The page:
Never ever underestimate the power of hoarding especially in the garden, it's what sheds were made for and if your shed is full it may be worth investing in another one. At Hopwood Kitchen Garden we have our eye on some corrugated plastic roof panels taken off an old building because they made the place too hot - sounds ideal for us - so a couple of students called Kirk Douglas and Gregory Peck are told to go and collect them*. We have over the last few weeks been collecting old roof trusses to build a coldframe. If you don't know how to build a coldframe, we'll show you how as part of our #autumngardening series. The final coldframe looks like this and is incredible easy to build. A coldframe is an incredibly useful thing to add to your garden and you don't have to spend a fortune to get one, they don't have to be pretty, they just have to be functional. Coldframes in spring and early summer are used to harden off tender young plants, such as half-hardy annuals and vegetables (you'll need this additional space as any greenhouse quickly fills up). At this time of year they are pressed into service again to overwinter young annuals and other plants that would keel over and die in the first frost. Also, if you don't have a greenhouse, they can be used to raise seedlings and grow them on into small plants.
So, as part of our #autumngardening series we're going to show you how to make your own coldframe from things that may be knocking around your garden; you'll be surprised what can make a coldframe. Anything that will make a container will serve as a coldframe, in the past we have used tyres, old bricks, water bottles sunk into the ground, wine bottles sunk into the ground (they were fun to collect), packing crates and even loose bricks. Here we are using roof trusses or floor beams. Let's just say they're thick pieces of wood. For the top you can use old windows, old glass doors, glass taken from old UPVC windows (that's double glazing to you and me), thick plastic sheeting, corrugated or plain plastic.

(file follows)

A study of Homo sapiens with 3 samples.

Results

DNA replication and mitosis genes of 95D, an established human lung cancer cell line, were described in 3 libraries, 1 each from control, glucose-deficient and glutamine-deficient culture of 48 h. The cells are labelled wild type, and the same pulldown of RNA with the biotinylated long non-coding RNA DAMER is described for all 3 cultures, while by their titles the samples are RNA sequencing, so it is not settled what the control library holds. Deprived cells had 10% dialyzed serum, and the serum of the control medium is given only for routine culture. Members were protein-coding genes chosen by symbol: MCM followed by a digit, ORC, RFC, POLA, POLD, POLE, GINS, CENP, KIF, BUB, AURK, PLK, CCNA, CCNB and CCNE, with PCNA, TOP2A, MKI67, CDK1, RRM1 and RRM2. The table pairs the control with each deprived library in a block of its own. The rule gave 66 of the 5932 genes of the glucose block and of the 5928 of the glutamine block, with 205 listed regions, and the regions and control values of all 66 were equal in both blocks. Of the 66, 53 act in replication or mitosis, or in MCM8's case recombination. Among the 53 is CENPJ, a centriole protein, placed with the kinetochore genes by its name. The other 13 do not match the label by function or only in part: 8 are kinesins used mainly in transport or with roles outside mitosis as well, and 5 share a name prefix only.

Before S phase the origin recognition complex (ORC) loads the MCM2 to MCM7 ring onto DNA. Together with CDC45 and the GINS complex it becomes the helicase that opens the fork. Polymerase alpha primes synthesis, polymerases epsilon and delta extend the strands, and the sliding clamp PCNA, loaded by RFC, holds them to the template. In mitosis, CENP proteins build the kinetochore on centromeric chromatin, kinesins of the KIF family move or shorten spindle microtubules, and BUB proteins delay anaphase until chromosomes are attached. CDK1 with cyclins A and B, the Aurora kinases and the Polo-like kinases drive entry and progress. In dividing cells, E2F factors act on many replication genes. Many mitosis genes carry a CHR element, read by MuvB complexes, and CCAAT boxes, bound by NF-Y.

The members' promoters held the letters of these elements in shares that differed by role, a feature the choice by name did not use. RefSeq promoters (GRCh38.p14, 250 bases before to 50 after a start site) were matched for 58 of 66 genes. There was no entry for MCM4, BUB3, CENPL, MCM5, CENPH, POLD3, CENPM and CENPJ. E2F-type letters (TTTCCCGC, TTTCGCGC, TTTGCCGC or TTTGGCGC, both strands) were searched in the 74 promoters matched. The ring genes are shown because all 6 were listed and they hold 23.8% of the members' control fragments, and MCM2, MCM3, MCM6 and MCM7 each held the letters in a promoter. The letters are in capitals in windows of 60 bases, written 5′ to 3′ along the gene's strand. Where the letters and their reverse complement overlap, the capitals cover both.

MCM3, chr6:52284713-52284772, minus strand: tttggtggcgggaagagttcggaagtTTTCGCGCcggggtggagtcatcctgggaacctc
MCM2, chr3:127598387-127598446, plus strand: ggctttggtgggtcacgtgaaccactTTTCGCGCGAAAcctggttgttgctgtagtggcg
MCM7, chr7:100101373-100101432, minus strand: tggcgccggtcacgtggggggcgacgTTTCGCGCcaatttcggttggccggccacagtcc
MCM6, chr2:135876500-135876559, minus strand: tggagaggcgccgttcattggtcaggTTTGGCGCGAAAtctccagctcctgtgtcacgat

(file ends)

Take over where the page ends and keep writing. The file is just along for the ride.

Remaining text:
The students, Kirk, Gregory and WC Fields (a third year student overseeing it all) stack them two deep in a square shape. You can see this in the below photo.
The joints at the corners are staggered, this gives some stability to the frame and if using bricks you would do the same. If you are using tyres you would literally stack them two high for larger plants or one high for small plants and then cover over with some plastic or glass. This has been very effective at Pig Row, we've even done this with an old coldframe were the glass has been broken.
We then fill with plants to over winter, cover over with the plastic, it doesn't matter that the corrugated plastic is larger than the frame. You can then weigh down the plastic with some bricks to stop them being lifted off by the wind over winter. You would also do this with glass too.
In the end you have a simple but effective, cheap and upcycled coldframe using materials that we often throwaway. It will keep the plants snug inside and certainly after twenty-four hours you can see the difference between the plants still outside and those inside the coldframe. Try your hand this weekend at building one, doesn't matter how big, how small, just place it somewhere sheltered and keep checking it weekly over the winter period. Those plants inside will still need the occasional watering and you'll have to clear any snow off the top of it to allow light and heat in. Did we speak too soon about snow? Look what showed up just after we'd finished this job.